Repentant Macron: a catharsis?
In his fourth televised address on the corona crisis, French President Macron on Monday night admitted mistakes in the efforts to fight the pandemic. In recent weeks the government has been heavily criticised for poor crisis management, failing to provide sufficient protective equipment, delays and contradictions. Journalists take different views of the speech.
Warlord airs give way to humility
Instead of the bellicose rhetoric he used in mid-March, Macron is now showing humility, Le Monde observes:
“Often slow to repent, Emmanuel Macron has for the first time admitted 'a lack of preparation', mistakes', 'inadequacies' and 'failures' in the management of the epidemic. Adopting a modest tone, he acknowledged his inability to predict the end of the epidemic, since herd immunity is still a long way off. With a human touch he stressed his compassion for and gratitude to the French, whose discipline and commitment had allowed France to stand up to the pandemic. Although the time for reconstruction has not yet come, the president has understood that the crisis requires him to do more to unify the country before embarking on the last two years of his mandate.”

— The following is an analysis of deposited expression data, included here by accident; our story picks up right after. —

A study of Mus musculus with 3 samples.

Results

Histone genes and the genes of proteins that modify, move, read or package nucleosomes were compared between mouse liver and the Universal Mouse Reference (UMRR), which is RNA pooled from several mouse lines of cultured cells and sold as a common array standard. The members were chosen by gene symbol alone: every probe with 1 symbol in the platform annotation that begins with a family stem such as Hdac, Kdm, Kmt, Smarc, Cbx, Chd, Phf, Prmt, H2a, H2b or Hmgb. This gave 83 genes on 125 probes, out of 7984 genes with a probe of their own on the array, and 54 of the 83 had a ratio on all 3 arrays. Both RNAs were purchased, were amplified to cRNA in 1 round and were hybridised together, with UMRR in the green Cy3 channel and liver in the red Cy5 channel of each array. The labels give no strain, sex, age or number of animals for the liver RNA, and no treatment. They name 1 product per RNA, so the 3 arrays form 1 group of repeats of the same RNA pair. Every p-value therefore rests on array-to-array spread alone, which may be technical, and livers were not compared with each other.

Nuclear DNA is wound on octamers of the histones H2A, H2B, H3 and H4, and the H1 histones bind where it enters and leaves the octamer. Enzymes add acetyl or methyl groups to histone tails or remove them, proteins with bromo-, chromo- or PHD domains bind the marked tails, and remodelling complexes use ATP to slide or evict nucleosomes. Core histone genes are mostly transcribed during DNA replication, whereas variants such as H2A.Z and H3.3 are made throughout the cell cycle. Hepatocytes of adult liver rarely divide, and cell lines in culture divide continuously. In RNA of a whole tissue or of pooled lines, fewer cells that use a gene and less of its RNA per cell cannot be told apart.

The president has slipped into yet another new role, groans Mediapart:
“It's a new role for someone who loves castings. A role as hypnotist for a worried, depressed, and even traumatised France. ... Macron has switched roles so often since his election that at times you simply can't keep up. ... The stage set, costumes, script and language change with every performance. The role of president is no longer simply one of exercising power, which in the Fifth Republic is subject to the laws of re-election and replacement. With Emmanuel Macron it has a vicarious function, capable of filling in for the shortcomings of all the organs of power through presidential gesticulation and deception.”